September 19 2013

The U.S. Department of Labor announced a final rule extending the Fair Labor Standards Act’s minimum wage and overtime protections to direct care workers such as home health aides, personal care aides and certified nursing assistants. It affects nearly 2 million workers.

“In home care, it’s a huge impact for anyone providing direct care services through home care,” said Char Talmadge, senior director of business development for Interim Healthcare’s staffing division.

Although the ruling significantly impacts home health care businesses, it likely has limited impact on staffing firms.

“Its really outside of what we consider staffing or healthcare staffing,” said Talmadge. “The business service which would be impacted by this exemption law would fall under our home care license.”

Interim’s staffing division only goes into homes when subcontracting with a hospice or a homecare company, she said.

“They have the license. We’re providing the talent — such as a home health aide — through a staffing division to that home health company,” said Talmadge. “Regardless of what they are doing, they are still an hourly employee of the staffing firm so they would be compensated for overtime after the applicable number of hours.”

Fifteen states already extend state minimum wage and overtime protections to direct care workers, and an additional six states and the District of Columbia mandate state minimum wage protections.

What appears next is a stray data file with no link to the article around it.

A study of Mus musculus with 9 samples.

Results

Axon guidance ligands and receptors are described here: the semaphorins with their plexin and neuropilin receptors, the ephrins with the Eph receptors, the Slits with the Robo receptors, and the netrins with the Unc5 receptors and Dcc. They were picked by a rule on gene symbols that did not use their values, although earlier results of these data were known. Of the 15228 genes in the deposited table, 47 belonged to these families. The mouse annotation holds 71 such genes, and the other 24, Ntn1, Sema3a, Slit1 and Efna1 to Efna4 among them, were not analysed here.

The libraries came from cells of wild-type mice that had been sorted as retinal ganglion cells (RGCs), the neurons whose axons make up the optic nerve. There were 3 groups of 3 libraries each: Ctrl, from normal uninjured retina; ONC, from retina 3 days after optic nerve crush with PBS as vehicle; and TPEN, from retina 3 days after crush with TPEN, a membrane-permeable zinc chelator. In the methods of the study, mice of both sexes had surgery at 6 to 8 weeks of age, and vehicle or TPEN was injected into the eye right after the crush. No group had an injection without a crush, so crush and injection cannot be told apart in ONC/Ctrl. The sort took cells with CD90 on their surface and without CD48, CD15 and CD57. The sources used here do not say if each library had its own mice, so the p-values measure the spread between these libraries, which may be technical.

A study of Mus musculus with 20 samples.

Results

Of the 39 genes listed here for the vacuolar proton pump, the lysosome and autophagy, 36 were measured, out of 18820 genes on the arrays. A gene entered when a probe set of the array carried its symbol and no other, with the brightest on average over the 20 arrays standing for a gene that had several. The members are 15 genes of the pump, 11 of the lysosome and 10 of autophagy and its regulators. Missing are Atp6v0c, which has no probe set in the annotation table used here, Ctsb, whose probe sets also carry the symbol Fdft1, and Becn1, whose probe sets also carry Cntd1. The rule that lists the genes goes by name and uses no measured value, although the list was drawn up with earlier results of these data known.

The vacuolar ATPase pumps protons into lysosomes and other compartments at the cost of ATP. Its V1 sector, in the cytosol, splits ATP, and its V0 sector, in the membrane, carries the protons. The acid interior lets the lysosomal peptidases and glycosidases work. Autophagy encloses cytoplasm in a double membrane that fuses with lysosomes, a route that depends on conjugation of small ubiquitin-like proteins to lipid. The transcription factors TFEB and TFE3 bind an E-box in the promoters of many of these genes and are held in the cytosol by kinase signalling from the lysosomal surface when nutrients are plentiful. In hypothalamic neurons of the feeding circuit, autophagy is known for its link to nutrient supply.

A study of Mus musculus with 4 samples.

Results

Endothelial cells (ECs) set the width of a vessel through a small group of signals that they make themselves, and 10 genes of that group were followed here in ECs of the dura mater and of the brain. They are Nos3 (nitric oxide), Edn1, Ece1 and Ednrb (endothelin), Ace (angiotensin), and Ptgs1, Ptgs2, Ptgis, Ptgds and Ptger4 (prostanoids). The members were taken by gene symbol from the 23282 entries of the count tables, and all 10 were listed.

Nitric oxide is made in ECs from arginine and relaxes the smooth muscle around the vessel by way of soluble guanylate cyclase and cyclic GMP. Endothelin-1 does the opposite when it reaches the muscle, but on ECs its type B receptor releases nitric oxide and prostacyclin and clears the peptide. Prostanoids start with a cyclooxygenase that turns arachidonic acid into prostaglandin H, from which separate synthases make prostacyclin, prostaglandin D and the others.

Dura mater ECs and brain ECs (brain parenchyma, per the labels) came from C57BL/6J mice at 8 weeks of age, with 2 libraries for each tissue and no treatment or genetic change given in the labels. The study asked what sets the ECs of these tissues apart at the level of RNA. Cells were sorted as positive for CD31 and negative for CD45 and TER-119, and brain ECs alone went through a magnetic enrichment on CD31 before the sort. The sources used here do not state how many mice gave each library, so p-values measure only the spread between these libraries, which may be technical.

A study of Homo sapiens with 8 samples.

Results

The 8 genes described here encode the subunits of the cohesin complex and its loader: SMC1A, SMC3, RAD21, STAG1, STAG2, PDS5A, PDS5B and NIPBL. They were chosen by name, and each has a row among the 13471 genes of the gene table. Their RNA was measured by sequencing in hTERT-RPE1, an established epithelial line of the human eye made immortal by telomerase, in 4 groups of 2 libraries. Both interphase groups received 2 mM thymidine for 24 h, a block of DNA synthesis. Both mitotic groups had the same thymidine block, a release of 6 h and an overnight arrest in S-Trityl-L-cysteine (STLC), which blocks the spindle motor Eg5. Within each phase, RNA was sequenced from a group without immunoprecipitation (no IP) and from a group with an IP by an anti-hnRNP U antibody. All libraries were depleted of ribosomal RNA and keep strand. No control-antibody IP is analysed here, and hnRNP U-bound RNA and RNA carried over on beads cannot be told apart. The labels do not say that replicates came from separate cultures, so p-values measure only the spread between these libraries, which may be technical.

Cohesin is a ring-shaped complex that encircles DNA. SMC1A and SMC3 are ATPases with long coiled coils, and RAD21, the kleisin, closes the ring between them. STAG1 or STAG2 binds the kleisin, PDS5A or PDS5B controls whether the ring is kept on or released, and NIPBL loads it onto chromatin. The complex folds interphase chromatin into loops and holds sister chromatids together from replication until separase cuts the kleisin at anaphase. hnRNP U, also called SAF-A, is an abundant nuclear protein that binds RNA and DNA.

The final rule also clarifies that direct care workers who perform medically-related services for which training is typically a prerequisite are not companionship workers and therefore are entitled to the minimum wage and overtime. Individual workers who are employed only by the person receiving services or that person’s family and primarily providing companionship-related services — such as fellowship, protection, visiting or engaging in hobbies — and care incidental to such activities will still be considered exempt from the FLSA’s minimum wage and overtime protections.


Roy Fazio 10/11/2013 06:52 am

This article must be addressing the issue of "live-in" care for homecare all though it does not specifically use the term. The issue has always been how much to pay a caregiver on a live-in case daily. They truly do not work 24 hours and should have time off for themselves during the day. Is this law stating that you have to pay a minimum of minimum wage times 24 hours as the pay to the caregiver? We have always paid overtime for any hours worked over 40 in a given week. The only grey area is how to treat the pay of a 24 hour live-in caregiver.